The cottony maple scale is a large, flat, brown scale insect found on the twigs and branches of various trees. White, cottony egg masses that resemble popcorn are its most distinguishing feature.


Silver maples are favored hosts, but this scale attacks other maple species as well. It also attacks honey locust, black locust, white ash, euonymus, oak, boxelder, dogwood, hackberry, sycamore, beech, elm, willow, basswood, and poplar.

Biology and Symptoms:

This pest sucks sap from twigs and branches. Small twigs begin to die, then leaves become stunted. A black, sooty mold appears on the tree itself and on objects beneath the tree. This mold grows on sugary honeydew excreted by the scale. Heavy infestations for 2 or 3 years may kill large branches. Fertilized, immature females overwinter on twigs and small branches of the host. In spring, they resume feeding and developing. Females deposit eggs in late May, in masses covered with white, silken fibers. Young scales, called “crawlers,” emerge from mid-June through early July. They move up and down twigs, and out onto leaves, before settling down to suck sap and secrete a thin, waxy coating over themselves. In late summer, adult males emerge, mate with females and die. Mated females migrate back to the branches just before leaf drop in fall, where they settle for the winter.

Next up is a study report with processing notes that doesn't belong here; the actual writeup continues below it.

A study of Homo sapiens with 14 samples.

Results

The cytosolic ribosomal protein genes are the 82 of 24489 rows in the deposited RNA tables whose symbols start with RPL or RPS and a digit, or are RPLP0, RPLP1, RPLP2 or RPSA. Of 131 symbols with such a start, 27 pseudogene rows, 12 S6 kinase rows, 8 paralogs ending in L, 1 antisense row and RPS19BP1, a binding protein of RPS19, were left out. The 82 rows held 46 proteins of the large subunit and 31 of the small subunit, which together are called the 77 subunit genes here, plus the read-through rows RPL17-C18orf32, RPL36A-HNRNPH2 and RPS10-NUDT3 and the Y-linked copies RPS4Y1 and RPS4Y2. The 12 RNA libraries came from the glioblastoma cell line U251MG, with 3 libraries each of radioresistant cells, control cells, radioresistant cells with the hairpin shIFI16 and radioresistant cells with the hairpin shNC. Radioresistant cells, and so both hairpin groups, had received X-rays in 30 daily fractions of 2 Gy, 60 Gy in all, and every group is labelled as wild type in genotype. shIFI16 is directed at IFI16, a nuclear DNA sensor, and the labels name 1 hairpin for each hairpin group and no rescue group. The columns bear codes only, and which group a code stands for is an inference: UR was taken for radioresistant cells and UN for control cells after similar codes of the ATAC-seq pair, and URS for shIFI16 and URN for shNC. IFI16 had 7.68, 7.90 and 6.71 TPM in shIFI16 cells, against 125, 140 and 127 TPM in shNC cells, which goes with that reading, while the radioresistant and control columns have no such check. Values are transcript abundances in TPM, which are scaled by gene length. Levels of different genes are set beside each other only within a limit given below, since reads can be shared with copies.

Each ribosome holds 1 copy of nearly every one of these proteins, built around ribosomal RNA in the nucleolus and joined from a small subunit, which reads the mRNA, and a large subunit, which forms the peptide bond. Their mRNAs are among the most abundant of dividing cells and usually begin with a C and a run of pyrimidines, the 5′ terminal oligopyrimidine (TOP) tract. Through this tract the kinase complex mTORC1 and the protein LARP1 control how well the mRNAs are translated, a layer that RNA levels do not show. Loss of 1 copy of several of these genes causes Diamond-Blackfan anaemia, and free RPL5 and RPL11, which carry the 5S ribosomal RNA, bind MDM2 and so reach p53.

How to Treat Cottony Maple Scale:

In about the third year after cottony maple scales infest a tree, small lady beetles may be found devouring the egg masses. If these larvae are found in over half the egg masses, natural control is occurring and additional treatment may be unnecessary. Otherwise, a horticultural oil treatment may be applied before growth starts in spring or leaves drop in fall. Another treatment may be made in mid-August or September after all the crawlers have hatched and settled on the leaves. DO NOT treat sugar maples with oil; this species reacts adversely and branches may die. Soil or trunk applied systemic insecticides are available where spraying is not practical or desired. Trees weakened by scale are more susceptible to other insects, diseases, and environmental stress, so it’s vital to restore plant vitality. Fertilize, mulch and water, especially during dry periods, to help maintain tree health.